Friday, December 17, 2010

Cheeseford Virtual Archive TV Advent Calendar day 17

At the risk of peaking too soon, let us go back to BBC1 on Saturday 25 September 1993. The show is Danny Baker After All. The guest is Bob Monkhouse. This was about the time that Monkhouse was emerging from years of being dismissed as just a game-show host, and being recognised as the serious comic contender that he really was. It's Baker, it's Monkhouse. It's Baker and Monkhouse. There's your top of the shop right there.

Thursday, December 16, 2010

Cheeseford Virtual Archive TV Advent Calendar day 16

A few years ago, perhaps conscious of the sedentary nature of many of TV viewers, ITV decided to get pro-active. As part of its 'Britain On The Move' initiative, it doled out any number of these stylish pedometers, all the easier to calculate how close one is to one's required 10,000 steps a day. The nation took the hint, lost weight and obesity ceased to be a major problem. Tomorrow: The Border Television meter-wheel, issued to Cumbrian residents to help them calculate how far they'd walked that day to avoid watching Look Who's Talking.

Wednesday, December 15, 2010

Cheeseford Virtual Archive TV Advent Calendar day 15

Welcome to transmission control at Cheeseford Towers. 'scuse the mess. On the right is my trusty late-model GPO 746 (so late it says BT on the bottom), and on the left is my daughter's favourite toy. It's the one in the middle that concerns us. It comes from Kent House (aka the London Weekend building on the South Bank of the Thames) and was part of the communications network between transmission controllers at the various regional ITV stations. Now, with all of ITV played out from two sites (Chiswick and Leeds), the network is redundant, and these glorious red batphones were skipped, apart from those salvaged by staff, one of whom sent me this example. I have considered plugging it in and telling "that cow in Network 1 to shut up", but what if it works? And yes, I know it's BBC, but who cares. Not sure what I'm on about? Show, don't tell.

Tuesday, December 14, 2010

Cheesford Virtual Archive TV Advent Calendar day 14

John Dankworth is largely responsible for my love of jazz. It's equal parts him, Duke Ellington and my grandad, who introduced me to both. Obviously I know my grandad well, but I never met the Duke. I did, however, meet Sir John when he played a jazz festival in Guernsey in 2004, which I was covering for Crescendo magazine. He was a delightful, patient man, who put up with all of my anoraky questions and answered them. It was a thrill also on that gig to renew my acquaintance with the great Allan Ganley, a drummer of distinction and a lovely bloke. Passing his Ludwig 400 up to him on stage, I said "Ah, you've got a brass shelled one". He said "Yes, how can you tell through the chrome?". My reply: "Mine's an alloy shell. Yours is about twice the weight." Name-drops over. When BBC4 hoiked out a few clips of the great JD recently, I was knocked bandy by this arrangement of 'Just In Time', and thrilled to see and hear heroes like Kenny Wheeler, Alan Branscombe and Ronnie Stephenson going to town (Ronnie's the drummer - he began life as a tap dancer, and he drummed like one, with great lightness and grace). A shame it was cropped to 16:9 and shown slightly out of sync. I can't fix the former, but I have the latter, and with just over 4 hours to go until day 14, here is 'Just In Time'.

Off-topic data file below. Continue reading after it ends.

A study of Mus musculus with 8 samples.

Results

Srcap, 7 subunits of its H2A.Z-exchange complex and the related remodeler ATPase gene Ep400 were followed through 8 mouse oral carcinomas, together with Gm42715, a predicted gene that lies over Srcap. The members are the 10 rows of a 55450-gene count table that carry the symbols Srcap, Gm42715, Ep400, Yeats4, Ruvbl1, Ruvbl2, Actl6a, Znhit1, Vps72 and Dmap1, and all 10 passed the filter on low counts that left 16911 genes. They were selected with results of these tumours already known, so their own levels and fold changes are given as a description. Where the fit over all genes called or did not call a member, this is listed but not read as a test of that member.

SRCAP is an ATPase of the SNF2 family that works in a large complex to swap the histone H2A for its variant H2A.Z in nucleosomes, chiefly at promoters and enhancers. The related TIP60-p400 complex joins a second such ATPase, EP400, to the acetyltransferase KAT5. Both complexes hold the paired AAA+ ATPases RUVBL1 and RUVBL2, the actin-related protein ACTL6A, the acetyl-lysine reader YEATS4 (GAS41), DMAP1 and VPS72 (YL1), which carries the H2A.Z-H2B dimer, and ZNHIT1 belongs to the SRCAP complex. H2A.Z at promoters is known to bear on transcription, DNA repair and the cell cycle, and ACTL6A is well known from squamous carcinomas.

Monday, December 13, 2010

Cheeseford Virtual Archive TV Advent Calendar days 12 & 13

Yes, sorry, I missed a day. However, I feel I have an excellent excuse, a hard drive failure on Saturday resulting in the purchase of components for a new computer, which I'm building right now. It wasn't a whim or a snap decision. Long ago, I decided that the next time something major needed replacing on my nearly 6-year-old Pentium, I'd future-proof myself by getting a new machine with bags of upgrade potential. So it is. Anyway, have a Temporary Fault caption to cover yesterday.

And for today's delicacy, we return to the 1984 Royal Variety Performance for a reminder just how good Dustin Gee was. Now, I love Les Dennis to smithereens, but there can be no doubt who the senior partner was in their act. That wordless Robert Mitchum impersonation is enough to ensure Gee's pre-eminence, to say nothing of the Russell Harty. He went far far too soon, and I'm not just saying that because he smiled and waved back when my grandad and I said 'Hello, Dustin' as we walked past him on the prom at Great Yarmouth at some point in the early 1980s. Note also Les Dennis impersonating Max Bygraves as host of Family Fortunes. Who knew, eh?